Thursday, June 4, 2009

Romanian Phisher Sentenced to 8.5 Years in Prison

Via -

The US District Court in Minneapolis has sentenced a 23-year-old Romanian immigrant to 8.5 years in jail for stealing a total of approximately $700,000 from over 7,000 innocent people.

Sergiu Daniel Popa spammed out emails pretending to come from financial institutions such as SunTrust, Citibank and PayPal, trying to lure victims into visiting bogus webpages. From these phishing websites, Popa stole PIN codes, names and addresses, bank account numbers, credit card and social security information.

Popa also offered offered phishing kits for sale for $1500, complete with instructions on how to send spam and counterfeit credit cards.

According to local media reports, Popa started his phishing campaign - which lasted almost seven years - in June 2000, making him 14 years old.

In the old days (back in the late 1980s and 1990s), it wasn't unusual for virus writers to be in their teens but this is a much more serious offence than the attention-seeking kind of malware writing we saw in yesteryear. This is about making a large amount of money rather than getting attention.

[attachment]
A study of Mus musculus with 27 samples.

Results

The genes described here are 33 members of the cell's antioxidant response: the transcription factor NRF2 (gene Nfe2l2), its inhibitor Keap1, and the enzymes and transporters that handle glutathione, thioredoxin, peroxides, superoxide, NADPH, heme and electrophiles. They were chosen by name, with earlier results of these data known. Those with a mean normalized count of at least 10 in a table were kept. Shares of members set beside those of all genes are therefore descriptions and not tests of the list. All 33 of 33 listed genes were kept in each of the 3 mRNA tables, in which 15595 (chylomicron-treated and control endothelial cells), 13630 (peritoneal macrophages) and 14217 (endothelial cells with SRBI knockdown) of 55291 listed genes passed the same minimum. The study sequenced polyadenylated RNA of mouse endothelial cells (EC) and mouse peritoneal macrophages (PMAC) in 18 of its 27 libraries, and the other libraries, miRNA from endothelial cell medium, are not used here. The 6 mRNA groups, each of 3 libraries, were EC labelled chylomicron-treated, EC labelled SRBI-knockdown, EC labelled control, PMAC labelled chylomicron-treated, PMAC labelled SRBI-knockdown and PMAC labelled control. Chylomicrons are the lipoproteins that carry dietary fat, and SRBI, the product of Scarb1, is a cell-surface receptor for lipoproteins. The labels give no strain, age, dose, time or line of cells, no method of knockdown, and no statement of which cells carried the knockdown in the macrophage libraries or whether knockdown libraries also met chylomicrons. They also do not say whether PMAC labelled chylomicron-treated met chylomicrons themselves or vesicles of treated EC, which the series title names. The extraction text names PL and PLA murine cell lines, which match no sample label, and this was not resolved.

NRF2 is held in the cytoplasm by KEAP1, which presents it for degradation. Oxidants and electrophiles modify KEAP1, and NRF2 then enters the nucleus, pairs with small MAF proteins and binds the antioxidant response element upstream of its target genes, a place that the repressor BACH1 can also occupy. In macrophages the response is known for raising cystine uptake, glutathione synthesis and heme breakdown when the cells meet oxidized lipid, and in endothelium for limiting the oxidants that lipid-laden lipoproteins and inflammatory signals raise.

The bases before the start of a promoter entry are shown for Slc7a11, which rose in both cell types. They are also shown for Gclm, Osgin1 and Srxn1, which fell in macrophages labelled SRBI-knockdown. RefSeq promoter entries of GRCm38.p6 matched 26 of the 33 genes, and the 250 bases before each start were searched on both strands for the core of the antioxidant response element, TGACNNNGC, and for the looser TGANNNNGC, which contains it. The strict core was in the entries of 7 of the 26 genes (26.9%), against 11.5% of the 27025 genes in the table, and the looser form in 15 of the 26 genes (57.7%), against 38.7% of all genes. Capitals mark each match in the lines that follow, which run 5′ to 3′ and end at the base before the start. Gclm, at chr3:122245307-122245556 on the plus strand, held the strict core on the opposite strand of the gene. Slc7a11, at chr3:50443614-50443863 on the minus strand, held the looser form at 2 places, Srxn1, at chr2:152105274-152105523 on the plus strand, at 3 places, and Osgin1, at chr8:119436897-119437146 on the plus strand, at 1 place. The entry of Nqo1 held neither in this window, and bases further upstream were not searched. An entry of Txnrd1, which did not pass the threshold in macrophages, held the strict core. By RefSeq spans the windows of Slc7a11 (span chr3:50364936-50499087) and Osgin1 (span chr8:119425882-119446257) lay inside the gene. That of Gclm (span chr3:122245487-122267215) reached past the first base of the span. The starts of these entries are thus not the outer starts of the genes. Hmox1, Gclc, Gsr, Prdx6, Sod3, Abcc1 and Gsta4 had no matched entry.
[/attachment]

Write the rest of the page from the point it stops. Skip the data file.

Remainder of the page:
Of course Popa's youth is of little comfort for Popa's victims - and although he may have been a juvenile when he began his attacks, he certainly wasn't by the time he finished.

According to Judge John Tunheim, who sentenced Popa, the hefty jail sentence reflects the scale of the crime. "Because there were so many victims who were hurt badly, the court believes the sentence is appropriate in order to protect the public," said Tunheim. "There needs to be a deterrent to others who are trying similar crimes over the Internet."

Popa will have plenty of time now to reflect upon the mistake he made following a life of crime, rather than finding some other avenue for his interest in computer technology. The fact that he took so long to catch, however, may mean that other cybercriminals will continue to believe that there is a good chance they will be able to escape justice.